Catalyx Nanotech, Inc.,
a spin off from the technology incubator, Catalyx, Inc., announced that their
pilot project to convert landfill gas (LFG) to nanofibers has successfully started
operating at a closed southern California landfill. Previously, this pilot unit
was operating as a production plant in Burnaby, Canada, using natural gas as
the feed source and producing 2.0 Kg of nanofibers per day. The pilot project
currently operates on a reduced capacity for a single shift each day producing
approximately 0.5 Kg of high value Platelet Graphite Nanofibers and 2,000 liters
of "green" hydrogen from a completely renewable resource. The materials
are not being produced for commercial sale and will be used for extensive analyses
and tests for design of large-scale commercial production plants.
The pilot will help determine the operating limits of the proprietary process,
which relies on a patented catalyst to selectively crack methane and produce
structured graphitic platelet fibers and pure hydrogen, with no other byproducts.
First to Produce Nanofibers from Landfill Gas
While numerous companies claim to have a process to produce carbon nanomaterials
from methane, Catalyx Nanotech is believed to be the first to produce the nanomaterials
on a large scale from methane, especially from landfill gas. To further distinguish
Catalyx Nanotech from nanomaterial competitors, management has made a conscientious
decision to embrace a corporate social responsibility and sustainability attitude
and therefore optimize, rather than maximize, profits by using renewable sources
of methane, such as landfill gas and biogas, for feed materials.
"Previously, we have operated a commercial-scale nanofiber plant using
natural gas as the feed. We wanted to use this 'downtime' in the economy to
achieve our next milestone of using renewable sources of methane as the feed
to produce 'green' nanofibers and hydrogen," stated Mustafa Jangbarwala,
Catalyx Nanotech VP of Business Development.
"We understand that landfill gas and biogas may end up costing us a bit
more than natural gas, but the difference in costs is affordable, and regard
for our environment is far more important than capturing that difference,"
Mustafa Jangbarwala noted. "We believe corporations need to be responsible
in these arenas now, rather than wait for government mandates before they take
the steps that will help ensure a healthy environment for future generations."
99% Pure Nanofibers and 100% Green Hydrogen
"Our advantage is that we are able to produce nanofibers at greater than
99% purity, as well as 100% green hydrogen in a one-step process," says
Yinan Jin, Catalyx Nanotech Chief Research Scientist. "Purification of
nanomaterials from typical carbon batches is an extremely expensive undertaking
for commercial applications. Catalyx Nanotech is eliminating the extra work
and, consequently, the expense of separating nanofibers from byproducts, such
as amorphous carbon, soot, etc., that make nanomaterials so costly today. We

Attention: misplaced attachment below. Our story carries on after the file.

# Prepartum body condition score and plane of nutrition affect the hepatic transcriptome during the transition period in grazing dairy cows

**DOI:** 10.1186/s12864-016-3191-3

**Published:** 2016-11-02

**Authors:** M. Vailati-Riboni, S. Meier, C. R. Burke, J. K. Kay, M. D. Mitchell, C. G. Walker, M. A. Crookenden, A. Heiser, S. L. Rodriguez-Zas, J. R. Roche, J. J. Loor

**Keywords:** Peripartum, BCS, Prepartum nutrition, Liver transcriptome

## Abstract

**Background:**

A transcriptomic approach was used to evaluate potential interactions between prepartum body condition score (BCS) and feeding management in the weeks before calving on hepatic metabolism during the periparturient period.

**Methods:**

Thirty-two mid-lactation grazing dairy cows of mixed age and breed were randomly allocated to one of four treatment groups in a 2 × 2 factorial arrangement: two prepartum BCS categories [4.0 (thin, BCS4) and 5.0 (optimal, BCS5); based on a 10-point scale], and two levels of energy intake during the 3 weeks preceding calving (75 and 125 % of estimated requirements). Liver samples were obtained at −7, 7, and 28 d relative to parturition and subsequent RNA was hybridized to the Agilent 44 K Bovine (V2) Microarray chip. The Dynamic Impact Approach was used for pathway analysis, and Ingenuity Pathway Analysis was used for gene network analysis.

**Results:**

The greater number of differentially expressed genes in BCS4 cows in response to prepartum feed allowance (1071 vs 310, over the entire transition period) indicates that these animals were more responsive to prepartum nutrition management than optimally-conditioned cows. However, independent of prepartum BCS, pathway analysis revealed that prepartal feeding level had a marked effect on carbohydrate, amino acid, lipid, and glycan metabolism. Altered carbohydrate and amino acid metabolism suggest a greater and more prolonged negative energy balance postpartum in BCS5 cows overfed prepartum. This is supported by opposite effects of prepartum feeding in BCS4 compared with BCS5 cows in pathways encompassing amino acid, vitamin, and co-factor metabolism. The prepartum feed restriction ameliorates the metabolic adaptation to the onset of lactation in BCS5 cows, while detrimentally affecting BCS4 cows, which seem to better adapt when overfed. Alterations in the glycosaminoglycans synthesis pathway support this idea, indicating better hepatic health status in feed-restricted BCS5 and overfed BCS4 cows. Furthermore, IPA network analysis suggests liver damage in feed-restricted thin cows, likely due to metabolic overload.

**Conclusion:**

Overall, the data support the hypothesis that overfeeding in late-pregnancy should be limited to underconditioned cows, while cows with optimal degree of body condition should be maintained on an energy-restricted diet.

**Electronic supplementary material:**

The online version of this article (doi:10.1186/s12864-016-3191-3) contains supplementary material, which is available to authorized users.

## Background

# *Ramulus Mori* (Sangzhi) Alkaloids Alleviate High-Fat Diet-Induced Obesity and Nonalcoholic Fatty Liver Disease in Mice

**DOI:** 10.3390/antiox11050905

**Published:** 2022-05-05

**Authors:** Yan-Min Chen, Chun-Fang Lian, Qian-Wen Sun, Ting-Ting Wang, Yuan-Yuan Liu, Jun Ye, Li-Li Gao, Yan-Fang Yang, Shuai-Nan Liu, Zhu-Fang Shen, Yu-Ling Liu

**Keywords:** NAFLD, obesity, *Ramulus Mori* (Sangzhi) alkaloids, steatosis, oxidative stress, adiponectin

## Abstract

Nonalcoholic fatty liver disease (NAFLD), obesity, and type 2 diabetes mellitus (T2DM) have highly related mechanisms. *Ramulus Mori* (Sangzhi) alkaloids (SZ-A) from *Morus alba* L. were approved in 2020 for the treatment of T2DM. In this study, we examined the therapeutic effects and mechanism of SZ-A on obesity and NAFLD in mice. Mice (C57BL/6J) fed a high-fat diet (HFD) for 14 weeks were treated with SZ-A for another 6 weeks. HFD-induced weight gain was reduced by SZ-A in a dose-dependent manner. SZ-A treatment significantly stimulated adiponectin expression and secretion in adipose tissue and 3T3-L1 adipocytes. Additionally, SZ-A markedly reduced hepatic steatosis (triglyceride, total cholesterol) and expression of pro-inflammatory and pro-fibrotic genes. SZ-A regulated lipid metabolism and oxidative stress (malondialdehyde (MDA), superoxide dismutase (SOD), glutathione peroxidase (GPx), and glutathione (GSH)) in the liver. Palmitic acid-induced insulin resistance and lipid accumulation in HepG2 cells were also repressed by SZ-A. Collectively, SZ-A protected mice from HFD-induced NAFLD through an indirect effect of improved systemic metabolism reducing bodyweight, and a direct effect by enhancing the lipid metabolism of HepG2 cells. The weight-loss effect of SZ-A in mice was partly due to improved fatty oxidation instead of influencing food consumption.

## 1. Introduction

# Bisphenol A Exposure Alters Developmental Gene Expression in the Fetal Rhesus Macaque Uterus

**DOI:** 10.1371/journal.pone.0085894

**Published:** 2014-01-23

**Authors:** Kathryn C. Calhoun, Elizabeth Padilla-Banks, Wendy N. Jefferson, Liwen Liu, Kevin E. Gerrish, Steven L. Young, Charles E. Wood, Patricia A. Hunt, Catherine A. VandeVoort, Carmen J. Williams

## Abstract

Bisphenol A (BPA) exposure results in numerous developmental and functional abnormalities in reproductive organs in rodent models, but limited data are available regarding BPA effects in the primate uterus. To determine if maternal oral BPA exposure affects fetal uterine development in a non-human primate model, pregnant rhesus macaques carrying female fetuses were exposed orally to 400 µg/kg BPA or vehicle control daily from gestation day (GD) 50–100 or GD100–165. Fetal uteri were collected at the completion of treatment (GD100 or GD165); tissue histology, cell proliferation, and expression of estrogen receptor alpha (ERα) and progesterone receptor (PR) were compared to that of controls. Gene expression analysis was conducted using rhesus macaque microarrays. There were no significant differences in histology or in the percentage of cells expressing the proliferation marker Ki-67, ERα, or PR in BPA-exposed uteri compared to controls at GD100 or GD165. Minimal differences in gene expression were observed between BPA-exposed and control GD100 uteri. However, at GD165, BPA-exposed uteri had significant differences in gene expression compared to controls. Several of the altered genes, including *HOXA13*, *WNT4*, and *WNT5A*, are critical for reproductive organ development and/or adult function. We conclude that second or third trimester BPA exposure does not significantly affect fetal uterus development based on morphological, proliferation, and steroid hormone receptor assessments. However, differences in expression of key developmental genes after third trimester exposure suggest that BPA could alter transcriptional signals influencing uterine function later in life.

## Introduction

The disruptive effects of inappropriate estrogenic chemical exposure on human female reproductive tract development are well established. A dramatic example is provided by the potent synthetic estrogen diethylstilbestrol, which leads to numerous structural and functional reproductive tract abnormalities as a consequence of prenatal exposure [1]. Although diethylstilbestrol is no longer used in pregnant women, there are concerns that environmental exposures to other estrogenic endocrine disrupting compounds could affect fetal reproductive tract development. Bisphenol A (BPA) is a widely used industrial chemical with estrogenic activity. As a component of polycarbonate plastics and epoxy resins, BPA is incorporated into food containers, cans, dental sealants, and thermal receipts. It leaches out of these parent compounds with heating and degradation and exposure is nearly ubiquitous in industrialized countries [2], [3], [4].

expect to commoditize nano-scale graphite materials at prices comparable to
high quality synthetic graphite used in electrodes and refractory applications.
After some preliminary test runs, we will also integrate a small fuel cell to
demonstrate how the electrochemical reaction of hydrogen and oxygen can produce
electrical energy, as opposed to the direct combustion of hydrogen and oxygen
to produce thermal energy. This in situ generation of green electricity with
a zero-carbon footprint is just one possible use of the hydrogen."
Low Cost, Distributed Production Makes Hydrogen Economy Viable
"The key to the success of a hydrogen economy is affordability and the
availability of the hydrogen infrastructure," explains Juzer Jangbarwala,
Catalyx Nanotech Founder and Chairman. "By default, the number of landfills
is directly proportional to urban population centers. These landfills could
provide LOCAL sources of low-cost 'green' hydrogen to nearby filling stations.
By using renewable landfill gas, not only is the carbon footprint of the hydrogen
production process eliminated, but also much of the footprint associated with
transportation of hydrogen -- often hundreds of miles -- is also eliminated.
Catalyx Nanotech's technology can make hydrogen AFFORDABLE. Catalyx Nanotech's
approach all but eliminates the transportation that accounts for approximately
50% of hydrogen's cost and the 10% lost to leakage. Catalyx Nanotech's small
low-cost plants are easy to build, are low maintenance, and integrate easily
into existing landfill sites - a major advantage over alternative energy production
methods. Additionally, production costs are offset by the valuable nanomaterials
produced during the hydrogen production process.
Juzer concludes, "Our approach offers a viable way to a greener transportation
economy while employing environmentally friendly production processes and helping
reduce costs for the broad spectrum of products that utilize nanomaterials."
The pilot will run through June 30. Plant tours for potential clients and
landfill representatives are available by appointment through 6/30.